Wild Camping and Mushroom Hunting in North Sannox

A couple of weeks spent camping and searching for mushrooms on Scotland's Isle of Arran.
7

June 2022

The Isle of Arran sits off the west coast of Scotland and is a special place that my wife and I explored extensively. For two weeks, we hiked and wild-camped the island.

We arrived by ferry from the town of Irvine and caught the bus in Brodick up north. Dropped off on the side of the road with only our backpacks and gear we’d need, we set out down towards the coast to find a place to pitch our tent and pray that the midges wouldn’t find us. 

North Sannox, Isle of Arran

Midges or “midgies” (mi-jees) or “wee beasties,” as they're known in Scotland, are no joke. Throughout our journey, it was a constant battle to find refuge from the unrelenting barrage.

We hiked a path along the Sannox Burn up into the mountains of North Sannox and found the best spot up off the trail back in the woods, flat enough to pitch the tent and put the hammock up. Right behind us we had our own small waterfall and pool to bathe, and during the day, I’d spend hours slowly inspecting the forest floor, finding all sorts of interesting growth in the pine forest.

tiny yellow bog beacon mushrooms in mosstiny yellow bog beacon mushrooms in moss
tiny yellow bog beacon mushrooms in mosstiny yellow bog beacon mushrooms in moss
Mitrula paludosa / Bog Beacon

Bog or Swamp Beacons, as Mitrula paludosa are commonly called, were some of the first species I encountered. They are not hard to miss, as they stick out like bright yellow bulbs in wet, mossy swamp areas.

red and orange suillus species of mushroom in mossred and orange suillus species of mushroom in moss
red and orange suillus species of mushroom in mossred and orange suillus species of mushroom in moss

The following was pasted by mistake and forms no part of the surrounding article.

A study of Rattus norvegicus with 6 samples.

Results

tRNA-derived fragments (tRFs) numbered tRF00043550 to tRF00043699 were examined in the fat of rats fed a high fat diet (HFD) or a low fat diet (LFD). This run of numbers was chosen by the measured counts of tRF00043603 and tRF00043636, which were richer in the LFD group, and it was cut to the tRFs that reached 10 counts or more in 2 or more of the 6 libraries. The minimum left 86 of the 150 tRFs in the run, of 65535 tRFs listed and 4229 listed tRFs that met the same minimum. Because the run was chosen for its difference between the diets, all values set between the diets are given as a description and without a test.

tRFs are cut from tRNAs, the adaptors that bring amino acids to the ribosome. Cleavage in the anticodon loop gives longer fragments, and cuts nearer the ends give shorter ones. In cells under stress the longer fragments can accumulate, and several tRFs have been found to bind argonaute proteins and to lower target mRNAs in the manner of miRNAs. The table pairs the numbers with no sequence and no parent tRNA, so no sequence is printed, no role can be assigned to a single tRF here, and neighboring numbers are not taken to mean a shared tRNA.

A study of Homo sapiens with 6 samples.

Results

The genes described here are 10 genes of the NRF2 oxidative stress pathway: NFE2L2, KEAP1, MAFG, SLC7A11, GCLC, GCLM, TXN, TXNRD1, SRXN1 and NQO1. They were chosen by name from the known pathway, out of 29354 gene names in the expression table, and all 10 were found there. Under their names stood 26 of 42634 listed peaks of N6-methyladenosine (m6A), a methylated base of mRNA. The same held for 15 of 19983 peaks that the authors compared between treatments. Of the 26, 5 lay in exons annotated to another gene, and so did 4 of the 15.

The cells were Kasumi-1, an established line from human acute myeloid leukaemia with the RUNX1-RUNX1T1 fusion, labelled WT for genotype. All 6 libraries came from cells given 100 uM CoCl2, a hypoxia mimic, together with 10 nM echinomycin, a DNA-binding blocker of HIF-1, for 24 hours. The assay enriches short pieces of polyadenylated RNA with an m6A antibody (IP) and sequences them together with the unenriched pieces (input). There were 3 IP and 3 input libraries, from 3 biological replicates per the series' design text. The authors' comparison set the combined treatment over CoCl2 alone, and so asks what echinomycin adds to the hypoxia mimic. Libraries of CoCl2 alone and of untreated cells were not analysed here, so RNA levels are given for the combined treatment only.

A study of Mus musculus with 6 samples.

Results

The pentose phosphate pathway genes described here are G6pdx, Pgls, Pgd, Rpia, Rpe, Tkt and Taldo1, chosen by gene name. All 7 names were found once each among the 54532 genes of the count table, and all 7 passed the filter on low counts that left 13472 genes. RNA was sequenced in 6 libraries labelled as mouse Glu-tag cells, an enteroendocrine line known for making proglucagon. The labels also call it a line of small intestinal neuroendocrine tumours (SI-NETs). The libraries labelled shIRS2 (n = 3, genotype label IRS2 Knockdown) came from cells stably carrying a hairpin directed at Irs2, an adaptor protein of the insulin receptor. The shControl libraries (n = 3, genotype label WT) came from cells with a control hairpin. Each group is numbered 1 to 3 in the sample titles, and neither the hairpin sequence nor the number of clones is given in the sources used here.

Suillus grevillei / Larch Bolete

The most common edible mushroom was Suillus grevillei or Larch Bolete. I found many at different stages of growth, their viscid red-orange caps sticking out against the green forest floor. I picked a few, cleaned, washed, and cut them up to fry. The consistency was slimy, smooth, almost buttery, and didn’t taste like much — sustenance, I guess.

Lactarius mushrooms Lactarius mushrooms
Lactarius lignyotus / Chocolate Milky

Another edible species I found was Lactarius lignyotus, aka Chocolate Milky. I didn’t eat these as I wasn’t familiar with different Lactarius species at the time and after my Suillus experiment and the fact I wasn’t desperate for food, I decided to hold off.

Mollisia sp.
tiny brown moss cap mushrooms in mosstiny brown moss cap mushrooms in mosstiny brown moss cap mushrooms in moss
Moss Caps

Many moss-loving, bryophilic mushrooms poked out of some beautiful purple, maroon-colored moss beds. And branches were covered in translucent-to-yellow jelly-like Calocera species.

tiny white and yellow gelatinous mushrooms on a logtiny white and yellow gelatinous mushrooms on a log
Calocera sp.

Because we brought a couple butane canisters and mini stove and were able to cook without starting a fire, using Birch Polypore wasn’t necessary, but this kind of mushroom is ideal to use as a firestarter, especially in really wet environments where it’s difficult to find dry kindling. The underside was soft, and I reckon the texture would’ve made for a decent pot scrubber or a loofah.

Birch Polypore mushroom growing from a branchBirch Polypore mushroom growing from a branch
Fomitopsis betulina / Birch Polypore

While our time on the Isle of Arran was cut short due to the midges driving us to a breaking point, testing our sanity, it was a memorable experience exploring Scotland over the summer.